There are some pretty big cultural divides in the drug industry. The preclinical research people and the development people always think that they have one of the biggest, but that's not true. They do argue a lot, but the arguments are phrased in terms that each side understands. "Your synthetic route can't provide enough compound" "You're testing at too high a multiple for a toxicity dose" - these are worthy points to disagree on. Someone's going to win, and someone's going to lose, and both parties will know it, and they'll know why. That's why the discussions are so intense.
Try the space between marketing and research - now there's a canyon for you. During the periodic attempts to get these two groups to work with each other, each one feels as if it's making First Contact with an alien race. Marketing is such an imprecise world compared with the physical sciences (which are so cut-and-dried compared to marketing, as far as they're concerned) that sometimes they just talk past each other.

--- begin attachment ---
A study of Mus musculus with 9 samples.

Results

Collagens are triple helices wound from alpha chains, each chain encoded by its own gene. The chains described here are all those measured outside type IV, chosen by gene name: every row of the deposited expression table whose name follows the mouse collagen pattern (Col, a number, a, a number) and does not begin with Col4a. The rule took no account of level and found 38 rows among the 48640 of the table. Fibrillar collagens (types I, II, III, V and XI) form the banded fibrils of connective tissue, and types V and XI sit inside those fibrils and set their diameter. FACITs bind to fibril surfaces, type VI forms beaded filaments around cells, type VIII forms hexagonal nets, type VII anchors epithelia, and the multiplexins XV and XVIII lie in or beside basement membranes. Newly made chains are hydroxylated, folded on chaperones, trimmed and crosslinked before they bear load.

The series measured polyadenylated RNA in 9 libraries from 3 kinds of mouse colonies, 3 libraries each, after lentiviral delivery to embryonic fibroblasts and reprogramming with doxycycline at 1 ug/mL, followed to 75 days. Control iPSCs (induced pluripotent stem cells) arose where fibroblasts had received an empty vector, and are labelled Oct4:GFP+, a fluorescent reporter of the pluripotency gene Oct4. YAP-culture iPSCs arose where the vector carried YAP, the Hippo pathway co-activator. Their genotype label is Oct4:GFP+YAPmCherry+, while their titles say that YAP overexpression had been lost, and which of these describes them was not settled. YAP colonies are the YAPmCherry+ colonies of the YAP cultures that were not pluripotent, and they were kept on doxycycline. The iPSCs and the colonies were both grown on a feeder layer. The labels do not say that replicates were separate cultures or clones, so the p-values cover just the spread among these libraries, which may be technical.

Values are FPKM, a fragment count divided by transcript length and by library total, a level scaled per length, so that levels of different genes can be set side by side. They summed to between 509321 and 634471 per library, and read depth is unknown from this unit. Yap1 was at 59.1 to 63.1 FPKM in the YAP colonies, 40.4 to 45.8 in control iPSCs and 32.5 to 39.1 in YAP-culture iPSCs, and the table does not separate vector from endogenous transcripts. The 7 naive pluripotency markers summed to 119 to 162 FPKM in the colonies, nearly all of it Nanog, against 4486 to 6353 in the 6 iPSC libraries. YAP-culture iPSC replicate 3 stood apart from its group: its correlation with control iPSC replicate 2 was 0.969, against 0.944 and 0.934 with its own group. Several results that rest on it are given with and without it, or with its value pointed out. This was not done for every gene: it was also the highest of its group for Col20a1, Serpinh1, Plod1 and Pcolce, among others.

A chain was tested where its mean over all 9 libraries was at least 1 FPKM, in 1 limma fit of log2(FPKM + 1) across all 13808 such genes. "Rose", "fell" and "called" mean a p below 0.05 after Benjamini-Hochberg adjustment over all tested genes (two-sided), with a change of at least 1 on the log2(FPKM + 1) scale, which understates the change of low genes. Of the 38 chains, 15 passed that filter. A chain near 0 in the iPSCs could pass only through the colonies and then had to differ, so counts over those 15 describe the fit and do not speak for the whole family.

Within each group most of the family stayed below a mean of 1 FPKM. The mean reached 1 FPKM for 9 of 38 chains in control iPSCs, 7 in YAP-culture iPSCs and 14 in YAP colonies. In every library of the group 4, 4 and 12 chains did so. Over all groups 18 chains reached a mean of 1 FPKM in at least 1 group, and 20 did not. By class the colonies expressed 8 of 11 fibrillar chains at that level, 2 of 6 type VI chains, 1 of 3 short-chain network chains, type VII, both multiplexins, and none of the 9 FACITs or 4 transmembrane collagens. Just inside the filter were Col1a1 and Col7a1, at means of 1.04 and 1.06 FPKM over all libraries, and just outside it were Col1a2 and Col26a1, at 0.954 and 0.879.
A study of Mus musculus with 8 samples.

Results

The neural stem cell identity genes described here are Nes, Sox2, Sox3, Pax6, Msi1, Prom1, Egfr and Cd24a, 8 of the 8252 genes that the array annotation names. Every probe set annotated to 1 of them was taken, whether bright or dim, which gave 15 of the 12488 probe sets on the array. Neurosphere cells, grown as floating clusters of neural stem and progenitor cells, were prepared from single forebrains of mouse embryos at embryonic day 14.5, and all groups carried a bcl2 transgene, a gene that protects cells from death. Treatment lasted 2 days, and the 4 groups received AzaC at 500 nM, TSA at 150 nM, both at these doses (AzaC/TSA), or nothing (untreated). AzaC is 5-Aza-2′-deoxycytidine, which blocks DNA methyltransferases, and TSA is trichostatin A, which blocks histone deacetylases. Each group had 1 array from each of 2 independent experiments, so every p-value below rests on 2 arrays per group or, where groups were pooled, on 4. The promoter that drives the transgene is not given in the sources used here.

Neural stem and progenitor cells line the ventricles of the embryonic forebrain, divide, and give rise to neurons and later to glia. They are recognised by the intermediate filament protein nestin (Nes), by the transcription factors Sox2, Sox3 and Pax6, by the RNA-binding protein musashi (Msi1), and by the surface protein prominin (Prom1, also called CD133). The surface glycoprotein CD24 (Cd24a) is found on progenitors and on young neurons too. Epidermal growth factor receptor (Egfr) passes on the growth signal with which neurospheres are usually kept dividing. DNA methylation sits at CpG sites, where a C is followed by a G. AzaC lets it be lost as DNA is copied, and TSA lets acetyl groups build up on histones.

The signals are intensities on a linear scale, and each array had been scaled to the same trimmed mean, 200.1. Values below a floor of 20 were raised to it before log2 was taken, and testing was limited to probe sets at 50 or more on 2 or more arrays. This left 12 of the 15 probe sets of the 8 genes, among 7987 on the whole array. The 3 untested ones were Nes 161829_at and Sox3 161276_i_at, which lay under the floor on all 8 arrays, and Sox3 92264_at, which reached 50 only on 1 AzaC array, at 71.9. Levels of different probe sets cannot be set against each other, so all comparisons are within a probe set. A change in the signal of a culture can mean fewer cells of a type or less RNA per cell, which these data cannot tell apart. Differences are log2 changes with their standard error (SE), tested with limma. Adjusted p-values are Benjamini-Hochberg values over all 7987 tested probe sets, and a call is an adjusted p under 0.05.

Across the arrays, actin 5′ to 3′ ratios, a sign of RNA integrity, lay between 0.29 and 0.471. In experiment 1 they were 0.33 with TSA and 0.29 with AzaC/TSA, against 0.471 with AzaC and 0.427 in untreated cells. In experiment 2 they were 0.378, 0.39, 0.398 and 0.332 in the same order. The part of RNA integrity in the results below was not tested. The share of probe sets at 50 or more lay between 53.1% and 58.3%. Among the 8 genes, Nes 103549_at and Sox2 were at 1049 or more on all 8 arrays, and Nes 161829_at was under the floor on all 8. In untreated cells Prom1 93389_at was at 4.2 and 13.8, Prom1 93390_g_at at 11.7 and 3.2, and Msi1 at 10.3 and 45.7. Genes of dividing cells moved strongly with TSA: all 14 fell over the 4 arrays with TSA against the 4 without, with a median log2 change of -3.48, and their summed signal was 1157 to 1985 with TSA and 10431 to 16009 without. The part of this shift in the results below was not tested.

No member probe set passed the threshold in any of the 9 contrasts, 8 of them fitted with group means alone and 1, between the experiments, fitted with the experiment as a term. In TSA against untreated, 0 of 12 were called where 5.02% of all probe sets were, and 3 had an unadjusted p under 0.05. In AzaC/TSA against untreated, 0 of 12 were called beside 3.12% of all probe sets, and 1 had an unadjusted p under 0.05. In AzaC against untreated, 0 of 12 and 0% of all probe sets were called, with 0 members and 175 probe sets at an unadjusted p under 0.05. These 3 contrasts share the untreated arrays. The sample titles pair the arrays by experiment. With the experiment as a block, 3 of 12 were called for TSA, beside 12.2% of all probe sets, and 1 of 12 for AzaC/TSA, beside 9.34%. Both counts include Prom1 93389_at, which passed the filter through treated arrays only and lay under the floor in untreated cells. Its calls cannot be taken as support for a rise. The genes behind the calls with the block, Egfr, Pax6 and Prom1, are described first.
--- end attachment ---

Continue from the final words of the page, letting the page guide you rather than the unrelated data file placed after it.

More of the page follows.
But for real extraterrestrials (as far as the research folks are concerned), you just have to go to HR. Of course, they feel exactly the same about us. Part of that is because the scientific habit of asking "Hmmm. . .I wonder if that's true?" doesn't make many HR presentations go more smoothly. I'll admit that it's hard to get real data on how well most human resources initiatives and techniques actually work, but you wouldn't know that to talk to some of the more enthusiastic practitioners. What's interesting is how they're generally just as perky about the next managerial fad, which generally comes along every three to five years.
I'm certainly not saying that scientists would be any good at the HR jobs, although we'd probably be better at theirs than they would at ours. Still, putting us in charge of problems that can't be settled by collecting more data probably isn't a good idea. Then there's the personality problem. Even though the real crazies are found mostly in academia, plenty of industrial researchers have people skills that need some fine sandpaper work and a coat of rustproof primer. No, you don't want a bunch of chemists and biologists running that shop. . .but just who do you want running it?